Please bear with me as this article is going to get confusing but should be clear by the end. Also, my journalism professor taught me to always identify acronyms: VA is Veterans Affairs and ATF is the Alcohol, Tobacco and Firearms bureau.
I received this notice from the VA:
My fellow veterans will always remember the day the government issued us a weapon…taught us how to use and care for it…and threatened a court martial if we lost it. Some of us maintained our familiarity with weapons by obtaining a concealed carry permit and frequented a gun range to maintain our proficiency.
Citing federal law, the VA warns that weapons are no longer permitted on VA property including concealed weapons. They further state that “their” police will confiscate any weapon found on “their” property.
I wrote a letter to James Byrne, general counsel for the VA, and asked for the identification of the federal law and the identity of the author of the regulation cited in the notice. I received this reply (along with a stack of printouts) from Suzanna Hill, also known as the OGC Deputy Law Librarian:
Digging into the stack of printouts, I found the issue date of September 16, 2015 and the admonishment that the rules and regulations cited were to be posted in a conspicuous place on the property.
Almost four years after the regulations were “supported by Congress as the responsible party”, I received this brief notice that was supposed to be posted in a conspicuous place on VA property.
Somehow the VA will be able to detect a “concealed” weapon and “their” police can search my person and vehicle without a warrant in order to find the prohibited weapon(s) on “their” property. The fine for detection or finding said weapon(s) is $500.00.
Should you opt for a lesser transgression covered by the regulations, the fine for unlawful sexual activity is half that. But don’t even think about giving that bottle of wine to your favorite VA care giver as the fine goes back up to $500.00…unless you present it somewhere away from “their” property.
Makes you wonder if they should also post the definitions of unlawful sexual activity.
There’s also the question of when the VA purchased “their” property from the tax paying veterans. I also wonder where “their” police are hiding and whether they are issued uniforms and carry weapons to enforce these regulations.
But Wait! There’s more!
I received the following from Patrick J. Kelly, director of the Minneapolis VA health Care System:
I contacted Mr. Kelly with the following question:
Did you mean the use of…or the physical presence of…?
Thanks for your attention to this clarification.
I look forward to your answer.
His letter also suggested six programs to reduce or quit my use of tobacco products.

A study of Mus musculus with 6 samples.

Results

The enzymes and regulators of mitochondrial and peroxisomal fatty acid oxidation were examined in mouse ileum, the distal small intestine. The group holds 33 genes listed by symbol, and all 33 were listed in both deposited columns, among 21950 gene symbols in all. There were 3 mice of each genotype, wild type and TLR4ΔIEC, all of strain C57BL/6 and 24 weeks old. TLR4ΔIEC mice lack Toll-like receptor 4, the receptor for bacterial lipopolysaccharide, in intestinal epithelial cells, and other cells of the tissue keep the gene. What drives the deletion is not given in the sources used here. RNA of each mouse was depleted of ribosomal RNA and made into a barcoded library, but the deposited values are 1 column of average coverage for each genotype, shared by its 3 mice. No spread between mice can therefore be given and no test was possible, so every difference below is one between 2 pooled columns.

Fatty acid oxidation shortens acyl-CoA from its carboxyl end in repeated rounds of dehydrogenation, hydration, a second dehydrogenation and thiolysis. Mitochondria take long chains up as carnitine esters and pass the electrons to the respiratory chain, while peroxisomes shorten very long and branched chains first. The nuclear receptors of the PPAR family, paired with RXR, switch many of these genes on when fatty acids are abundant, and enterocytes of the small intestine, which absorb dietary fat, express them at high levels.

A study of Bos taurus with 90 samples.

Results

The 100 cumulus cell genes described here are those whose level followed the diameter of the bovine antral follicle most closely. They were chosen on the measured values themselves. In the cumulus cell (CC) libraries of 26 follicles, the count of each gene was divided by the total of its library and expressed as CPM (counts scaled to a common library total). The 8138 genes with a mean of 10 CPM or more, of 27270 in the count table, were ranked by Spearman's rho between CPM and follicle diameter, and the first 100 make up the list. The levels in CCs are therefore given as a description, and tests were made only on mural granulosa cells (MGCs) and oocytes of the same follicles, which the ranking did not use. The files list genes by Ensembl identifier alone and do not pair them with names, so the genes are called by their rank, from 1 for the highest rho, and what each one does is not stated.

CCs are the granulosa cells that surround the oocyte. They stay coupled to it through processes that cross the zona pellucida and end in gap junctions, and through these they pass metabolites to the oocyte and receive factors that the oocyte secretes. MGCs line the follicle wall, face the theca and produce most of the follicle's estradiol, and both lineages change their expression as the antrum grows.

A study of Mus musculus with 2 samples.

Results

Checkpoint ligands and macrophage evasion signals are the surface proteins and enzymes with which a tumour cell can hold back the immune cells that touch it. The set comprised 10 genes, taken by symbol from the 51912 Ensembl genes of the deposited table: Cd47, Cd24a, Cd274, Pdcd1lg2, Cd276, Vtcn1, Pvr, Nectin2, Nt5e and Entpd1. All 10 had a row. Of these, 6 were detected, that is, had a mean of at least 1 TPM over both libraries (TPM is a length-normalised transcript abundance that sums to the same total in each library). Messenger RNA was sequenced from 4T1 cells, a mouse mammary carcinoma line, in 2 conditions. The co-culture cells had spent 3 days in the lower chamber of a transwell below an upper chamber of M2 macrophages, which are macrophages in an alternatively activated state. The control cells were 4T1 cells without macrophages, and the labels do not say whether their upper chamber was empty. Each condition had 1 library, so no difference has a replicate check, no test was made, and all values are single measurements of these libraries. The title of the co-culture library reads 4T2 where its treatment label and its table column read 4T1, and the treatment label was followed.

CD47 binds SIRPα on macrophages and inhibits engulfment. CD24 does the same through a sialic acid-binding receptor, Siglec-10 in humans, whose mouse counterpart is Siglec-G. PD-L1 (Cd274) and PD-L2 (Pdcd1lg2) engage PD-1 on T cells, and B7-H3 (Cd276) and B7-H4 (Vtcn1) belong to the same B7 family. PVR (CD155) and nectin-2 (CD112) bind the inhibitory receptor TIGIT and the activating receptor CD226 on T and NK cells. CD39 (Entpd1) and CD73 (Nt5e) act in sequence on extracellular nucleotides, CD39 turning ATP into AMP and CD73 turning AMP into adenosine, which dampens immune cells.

As far as my health…it is excellent and I’m in better physical condition than a lot of people half my age (I’m a few months from my 80th birthday).
I have a collection of pipes from around the world, some with great sentimental value. My tobacco is a special blend formulated for me by a tobacconist in Knoxville, TN.
I thoroughly enjoy smoking my pipes and the rituals fellow pipe smokers are familiar with.
Here’s where it gets interesting:
I moved to Minnesota from Arizona where you were not required to apply for permission to carry a weapon. Also, the VFW Post (I’m a Life Member) allowed smoking in the bar where I enjoyed my pipe and received favorable comments about the pleasant aroma of the tobacco.
In Minnesota, I had to apply for permission to buy a weapon and then pay for classes before I could apply for a concealed carry permit. The local VFW Post here does not allow smoking.
I do hope Mr. Kelly replies that he meant use of tobacco products…BUT
Should he treat tobacco in the same manner as guns…we’re off and running again on the regulations and responsibility for the authorship questions.
I’m not sure why the sudden interest of the VA in guns but offer the following to mitigate their concerns.
The following may also provide some balance to the question of smoking…although Mr. Kelly was specific about tobacco…
Does make you wonder what would happen if a veteran lit up a joint on VA “property” and produced a medical card for inspection by the VA police.
I think you can see where I’m confused about the role of the VA and the ATF. I hope they get their act together before a politician offers additional assistance. We’ve already seen where that leads.
Final note: I’m a disabled combat veteran and have found the VA care givers to be an outstanding group of people. The key is to get past the bureaucrats so those care givers can do what they do so well. Also wonder how much of the care giver’s time is spent in classes to hear about the regulations.